Roll Over, Movie Bootleggers: It’s All About 3D Prop Printing Now


Blatt was served with a Cease & Desist letter by Paramount lawyers for creating a digital model of one of the strange cube objects in JJ Abrams’ summer hit Super 8, and uploading the file to Shapeways, a 3D printing company, so that they could produce physical copies for him.

As he wrote on his blog:

“I designed the 3D cad file, uploaded it to [3D printing company] Shapeways, ordered one, and promptly (18 hours later) got a Cease and Desist email letter from Paramount’s lawyers telling me to take down the file.”

According to Blatt, the C&D email said that the studio had “learned that you are selling, distributing, and/or reproducing unauthorized Super 8 replicas on the websites located at http://www.shapeways.com and http://www.therpf.com,” and “demand[ed] that you and all those who have acted in concert with you immediately cease all unauthorized sales, transmission, distribution, display, and/or other utilization of Super 8.”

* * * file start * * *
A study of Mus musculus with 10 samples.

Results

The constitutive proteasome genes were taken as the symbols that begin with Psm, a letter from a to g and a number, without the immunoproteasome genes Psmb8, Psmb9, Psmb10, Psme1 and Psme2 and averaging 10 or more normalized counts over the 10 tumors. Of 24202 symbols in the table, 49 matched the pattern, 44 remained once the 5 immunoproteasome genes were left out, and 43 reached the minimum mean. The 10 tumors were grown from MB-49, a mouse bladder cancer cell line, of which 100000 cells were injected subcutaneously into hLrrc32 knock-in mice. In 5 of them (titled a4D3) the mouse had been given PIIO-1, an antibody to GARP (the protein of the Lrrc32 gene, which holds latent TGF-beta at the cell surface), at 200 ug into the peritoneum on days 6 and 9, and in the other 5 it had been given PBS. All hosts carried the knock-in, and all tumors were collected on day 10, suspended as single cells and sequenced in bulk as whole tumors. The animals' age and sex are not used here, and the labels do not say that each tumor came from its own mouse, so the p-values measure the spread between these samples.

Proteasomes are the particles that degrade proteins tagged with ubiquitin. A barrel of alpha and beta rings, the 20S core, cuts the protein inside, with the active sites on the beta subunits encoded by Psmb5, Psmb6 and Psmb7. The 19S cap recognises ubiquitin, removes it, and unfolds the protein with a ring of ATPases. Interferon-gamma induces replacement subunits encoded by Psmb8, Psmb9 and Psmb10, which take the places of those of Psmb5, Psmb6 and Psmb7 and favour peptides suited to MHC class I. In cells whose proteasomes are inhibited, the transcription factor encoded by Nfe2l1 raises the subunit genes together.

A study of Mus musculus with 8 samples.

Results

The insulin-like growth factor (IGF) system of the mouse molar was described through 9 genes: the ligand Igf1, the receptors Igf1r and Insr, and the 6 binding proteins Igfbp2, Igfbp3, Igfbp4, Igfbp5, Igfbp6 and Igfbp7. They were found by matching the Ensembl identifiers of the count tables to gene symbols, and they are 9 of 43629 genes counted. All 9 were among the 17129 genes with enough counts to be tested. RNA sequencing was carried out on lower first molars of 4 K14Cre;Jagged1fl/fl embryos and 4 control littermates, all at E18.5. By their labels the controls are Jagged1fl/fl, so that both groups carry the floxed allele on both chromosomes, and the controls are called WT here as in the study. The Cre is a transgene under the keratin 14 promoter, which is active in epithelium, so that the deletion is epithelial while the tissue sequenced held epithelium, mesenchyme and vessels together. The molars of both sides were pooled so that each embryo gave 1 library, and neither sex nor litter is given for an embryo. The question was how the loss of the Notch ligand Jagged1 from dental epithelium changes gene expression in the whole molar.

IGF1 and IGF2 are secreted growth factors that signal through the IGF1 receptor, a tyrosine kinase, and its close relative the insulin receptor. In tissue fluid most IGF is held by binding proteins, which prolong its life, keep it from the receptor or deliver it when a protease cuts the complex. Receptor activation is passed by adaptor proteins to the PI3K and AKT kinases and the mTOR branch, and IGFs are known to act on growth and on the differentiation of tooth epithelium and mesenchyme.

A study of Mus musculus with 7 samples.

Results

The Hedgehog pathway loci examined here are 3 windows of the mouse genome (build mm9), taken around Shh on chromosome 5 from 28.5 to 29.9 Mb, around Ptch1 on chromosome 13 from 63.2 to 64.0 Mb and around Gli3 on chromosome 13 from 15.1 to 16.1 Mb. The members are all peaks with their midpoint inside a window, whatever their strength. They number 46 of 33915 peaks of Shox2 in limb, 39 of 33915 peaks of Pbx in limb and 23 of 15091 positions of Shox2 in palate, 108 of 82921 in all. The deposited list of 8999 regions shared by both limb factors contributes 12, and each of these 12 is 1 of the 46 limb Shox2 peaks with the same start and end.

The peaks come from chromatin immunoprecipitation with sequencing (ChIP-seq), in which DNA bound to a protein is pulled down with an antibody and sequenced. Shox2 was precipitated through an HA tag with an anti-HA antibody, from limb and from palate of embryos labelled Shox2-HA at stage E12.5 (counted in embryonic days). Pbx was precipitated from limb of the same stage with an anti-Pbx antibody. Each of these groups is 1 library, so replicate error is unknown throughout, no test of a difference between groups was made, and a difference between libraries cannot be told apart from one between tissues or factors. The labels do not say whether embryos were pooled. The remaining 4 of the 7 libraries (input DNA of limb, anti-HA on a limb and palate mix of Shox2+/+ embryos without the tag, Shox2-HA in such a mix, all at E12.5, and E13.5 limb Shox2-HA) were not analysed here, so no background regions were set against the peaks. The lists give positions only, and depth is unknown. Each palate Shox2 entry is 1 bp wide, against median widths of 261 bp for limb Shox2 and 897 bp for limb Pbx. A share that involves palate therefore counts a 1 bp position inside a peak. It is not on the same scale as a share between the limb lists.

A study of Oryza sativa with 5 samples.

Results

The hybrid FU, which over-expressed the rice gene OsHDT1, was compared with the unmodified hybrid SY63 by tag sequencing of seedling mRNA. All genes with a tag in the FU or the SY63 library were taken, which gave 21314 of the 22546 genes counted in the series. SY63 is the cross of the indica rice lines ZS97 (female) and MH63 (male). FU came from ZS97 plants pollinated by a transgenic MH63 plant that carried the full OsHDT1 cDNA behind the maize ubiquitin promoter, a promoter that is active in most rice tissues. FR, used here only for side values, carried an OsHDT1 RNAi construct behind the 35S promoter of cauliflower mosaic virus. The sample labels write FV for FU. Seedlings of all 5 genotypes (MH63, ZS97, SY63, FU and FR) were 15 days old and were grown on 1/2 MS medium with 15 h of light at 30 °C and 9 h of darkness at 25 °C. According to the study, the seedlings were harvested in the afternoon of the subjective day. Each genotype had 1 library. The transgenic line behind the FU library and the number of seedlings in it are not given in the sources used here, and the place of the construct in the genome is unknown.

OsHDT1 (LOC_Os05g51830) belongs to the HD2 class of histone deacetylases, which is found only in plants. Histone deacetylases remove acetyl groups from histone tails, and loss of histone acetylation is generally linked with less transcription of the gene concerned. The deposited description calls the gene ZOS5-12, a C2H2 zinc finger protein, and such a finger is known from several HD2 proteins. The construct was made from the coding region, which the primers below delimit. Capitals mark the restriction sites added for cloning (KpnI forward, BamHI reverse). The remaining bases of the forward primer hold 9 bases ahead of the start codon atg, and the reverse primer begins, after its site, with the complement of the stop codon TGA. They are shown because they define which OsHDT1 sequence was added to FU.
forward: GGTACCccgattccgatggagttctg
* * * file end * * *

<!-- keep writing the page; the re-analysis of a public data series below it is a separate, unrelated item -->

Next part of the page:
(MORE: Will ‘PROTECT IP’ Act Stop Piracy or Doom Online Innovation?)

As he told Ars Technica, this was something he was only too happy to do, saying, “I’m just a guy, y’know? I don’t want to go to court and get sued and all that…”

Blatt is nowhere near the first person to use digital modeling and 3D printing as a way to recreate props from favorite media—therpf.com, the site named in Paramount’s C&D letter, describes itself as the place “to find the most talented artists as well as industry insiders and the most in-depth discussions about sculpting, modeling, sewing, painting, molding, and displaying replica props, replica costumes, and scale models from movies, television shows and other media!”

But what may have motivated Paramount’s quick action in this case is the fact that the studio has already sold the license to replicate Super 8‘s cubes to Quantum Mechanix, a manufacturer specializing in movie replicas. Unlicensed, Blatt could theoretically claim his model counts as fan art – But is what fan art illegal? If so, this summer’s Comic-Con may be a feeding ground for potential copyright infringement attorneys.

UPDATE: Paramount sent over a statement which reads, in part:

“Paramount sent the C&D after seeing his advertisement/post offering to sell the cubes for ‘$50 or $55 depending if you wanted it polished smooth or not.’ It’s not quite the way you described it in the last graf.”